While working his way through college as an emergency medical room technician in San Angelo, Texas, during the early '80s, John Blumentritt saw a lot of people severely injured and even killed. Nobody had to tell him what happens when you drink and drive or play with a gun. He witnessed it firsthand through the patients he helped treat.

"I wanted to help people, to protect them," he said. "But I also learned from their mistakes."

Four masters degrees and more than 3,000 flying hours later, those attributes have served him well in a 22-year Air Force career. Now a colonel and the new director of safety for Air Education and Training Command, Colonel Blumentritt has held numerous flying, staff and command positions worldwide. He is a command pilot, logging his flying time in combat rescue and special operations aircraft.

"My attitude about safety today isn't much different than when I was in college," the colonel said. "I still want to help and protect people. And I'm still going to learn from people's mistakes."

The big difference is as director of safety, he has to help ensure that the rest of the command also understands the importance of safety and risk management.

It's not a responsibility he takes lightly.

"Protecting our people and our resources is a top priority," Colonel Blumentritt said. "I want people to be able to look at the AETC Safety Directorate and know we are committed to them. I want them to be able to count on us and, hopefully, emulate the policies and programs we put in place to prevent mishaps and save lives."

The colonel's vast and varied experiences in his Air Force career should serve him well as the new director of safety.

After graduation and commissioning in 1983, and earning his pilot wings in 1985, he served as a helicopter pilot in Japan, Iceland, Alaska, Nevada and Florida. He also served as an HH-60G aircraft commander for the 4412th Rescue Squadron in Kuwait City, Kuwait, in 1993. He has flown many rescue and special operations missions worldwide, and earned the U.S. Air Force MacKay Trophy for commanding the most meritorious flight of a U.S. Air Force aircraft in 1994. During this mission, featured in the February 1999 issue of Reader's Digest, he and his team fought ocean waves of 30 feet and winds of 70 knots to rescue six Icelanders stranded on top of a ship battered by an intense storm.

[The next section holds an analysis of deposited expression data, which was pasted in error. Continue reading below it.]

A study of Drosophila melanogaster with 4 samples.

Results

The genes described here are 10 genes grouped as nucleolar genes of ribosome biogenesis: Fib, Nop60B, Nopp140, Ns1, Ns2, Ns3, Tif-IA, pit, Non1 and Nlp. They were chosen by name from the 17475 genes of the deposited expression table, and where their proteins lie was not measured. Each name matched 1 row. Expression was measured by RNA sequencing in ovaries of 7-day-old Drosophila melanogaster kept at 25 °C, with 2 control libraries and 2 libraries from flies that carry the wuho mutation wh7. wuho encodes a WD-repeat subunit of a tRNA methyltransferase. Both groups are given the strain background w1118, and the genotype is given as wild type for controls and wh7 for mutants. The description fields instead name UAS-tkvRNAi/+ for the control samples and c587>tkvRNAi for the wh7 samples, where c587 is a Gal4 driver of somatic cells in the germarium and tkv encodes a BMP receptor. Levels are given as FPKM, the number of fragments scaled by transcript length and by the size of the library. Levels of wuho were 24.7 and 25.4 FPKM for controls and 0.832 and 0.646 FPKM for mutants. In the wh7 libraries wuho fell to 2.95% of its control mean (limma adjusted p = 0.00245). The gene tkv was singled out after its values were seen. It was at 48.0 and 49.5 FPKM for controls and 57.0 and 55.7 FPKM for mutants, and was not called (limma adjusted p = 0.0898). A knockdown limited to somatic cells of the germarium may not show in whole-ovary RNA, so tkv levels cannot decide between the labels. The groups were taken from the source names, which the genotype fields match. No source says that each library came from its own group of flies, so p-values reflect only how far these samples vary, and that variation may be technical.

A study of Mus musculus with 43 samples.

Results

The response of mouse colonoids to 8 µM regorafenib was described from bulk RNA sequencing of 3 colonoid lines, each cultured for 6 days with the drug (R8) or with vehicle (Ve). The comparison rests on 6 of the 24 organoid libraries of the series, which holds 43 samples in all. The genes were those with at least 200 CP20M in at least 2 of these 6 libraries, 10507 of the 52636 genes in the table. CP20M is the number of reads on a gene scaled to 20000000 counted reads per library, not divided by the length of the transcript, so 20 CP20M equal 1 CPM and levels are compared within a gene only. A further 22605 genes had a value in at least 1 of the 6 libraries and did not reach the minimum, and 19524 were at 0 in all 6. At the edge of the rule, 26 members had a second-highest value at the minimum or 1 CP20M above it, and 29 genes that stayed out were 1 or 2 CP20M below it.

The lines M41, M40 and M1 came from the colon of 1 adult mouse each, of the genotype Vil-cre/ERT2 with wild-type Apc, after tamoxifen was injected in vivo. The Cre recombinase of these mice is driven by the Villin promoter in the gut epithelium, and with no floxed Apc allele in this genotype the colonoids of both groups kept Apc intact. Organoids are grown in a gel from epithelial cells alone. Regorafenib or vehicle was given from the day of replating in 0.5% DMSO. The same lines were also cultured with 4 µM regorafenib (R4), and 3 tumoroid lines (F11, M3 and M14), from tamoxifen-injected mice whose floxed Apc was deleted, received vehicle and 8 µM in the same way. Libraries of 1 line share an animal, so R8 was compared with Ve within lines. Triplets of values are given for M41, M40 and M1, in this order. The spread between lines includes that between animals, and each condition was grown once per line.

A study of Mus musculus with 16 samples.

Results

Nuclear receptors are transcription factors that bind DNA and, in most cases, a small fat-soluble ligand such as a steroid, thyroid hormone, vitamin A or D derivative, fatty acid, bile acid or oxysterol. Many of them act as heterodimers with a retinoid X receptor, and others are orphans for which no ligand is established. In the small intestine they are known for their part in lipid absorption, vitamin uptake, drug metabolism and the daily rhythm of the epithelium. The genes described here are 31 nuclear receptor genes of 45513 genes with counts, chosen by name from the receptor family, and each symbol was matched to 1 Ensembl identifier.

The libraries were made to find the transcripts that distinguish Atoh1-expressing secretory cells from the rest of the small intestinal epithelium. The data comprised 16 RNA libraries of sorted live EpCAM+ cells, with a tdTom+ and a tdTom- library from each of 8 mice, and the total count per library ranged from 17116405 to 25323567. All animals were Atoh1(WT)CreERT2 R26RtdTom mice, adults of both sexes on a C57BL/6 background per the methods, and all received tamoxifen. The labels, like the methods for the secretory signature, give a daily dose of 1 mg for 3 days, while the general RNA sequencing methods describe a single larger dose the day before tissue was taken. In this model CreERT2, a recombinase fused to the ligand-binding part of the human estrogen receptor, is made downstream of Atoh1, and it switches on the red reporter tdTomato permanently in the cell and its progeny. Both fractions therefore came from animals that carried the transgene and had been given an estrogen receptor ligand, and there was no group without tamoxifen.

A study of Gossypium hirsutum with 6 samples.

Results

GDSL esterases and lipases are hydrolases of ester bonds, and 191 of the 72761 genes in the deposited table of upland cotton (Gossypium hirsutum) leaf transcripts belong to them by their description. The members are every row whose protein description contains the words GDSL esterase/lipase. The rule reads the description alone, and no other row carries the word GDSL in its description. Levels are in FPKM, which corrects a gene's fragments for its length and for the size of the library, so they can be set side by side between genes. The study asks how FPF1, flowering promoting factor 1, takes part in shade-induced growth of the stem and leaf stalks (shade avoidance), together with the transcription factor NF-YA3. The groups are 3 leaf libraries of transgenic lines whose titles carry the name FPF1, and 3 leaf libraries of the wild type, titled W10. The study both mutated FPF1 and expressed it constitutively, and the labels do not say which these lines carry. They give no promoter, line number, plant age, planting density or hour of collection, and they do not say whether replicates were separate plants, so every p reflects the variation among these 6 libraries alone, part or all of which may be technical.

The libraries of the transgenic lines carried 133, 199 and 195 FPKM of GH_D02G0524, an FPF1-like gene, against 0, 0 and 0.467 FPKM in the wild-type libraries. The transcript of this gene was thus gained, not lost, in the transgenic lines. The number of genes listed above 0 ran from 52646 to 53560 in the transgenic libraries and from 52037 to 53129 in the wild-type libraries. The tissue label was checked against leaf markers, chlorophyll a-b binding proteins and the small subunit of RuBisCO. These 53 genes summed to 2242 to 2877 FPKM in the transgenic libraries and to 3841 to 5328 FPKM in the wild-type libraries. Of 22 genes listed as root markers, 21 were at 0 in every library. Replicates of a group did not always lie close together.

He also served as a strategist in the Pentagon, where he and his team developed crisis response options and advocated for the effective employment of air and space power. He subsequently took this real-world expertise to the U.S. Air Force Academy in Colorado, and commanded a squadron that impacted 4,000 cadets annually through 10 academic courses, airplanes, jet simulators, war gaming facilities and a planetarium.

During his assignment to Randolph Air Force Base, Texas, he served for two years on the personal staff of the AETC commander. As such, he directed a 12-person action group that orchestrated the efforts of 81,500 men and women in providing academic education to more than 130,000 people, training to about 250,000 students, and recruiting of more than 36,000 officers and enlisted members into the Air Force per year. He then served as the 19th Air Force chief of safety, and flew the Diamond DA-20 as part of the decentralized initial flight screening program in San Antonio (related story on page 20). While at 19th, he led mishap prevention programs for 31,000 people, who are responsible for training more than 20,000 aircrew members in 1,850 aircraft at 26 locations per year. He served in that capacity until he was assigned as the AETC director of safety in September.

"I'm excited about serving as the command's director of safety," Colonel Blumentritt said. "As we head into the New Year, I look forward to working with and meeting military and civilian members from all of our AETC bases. Together we will strive to reduce mishaps, injuries and fatalities."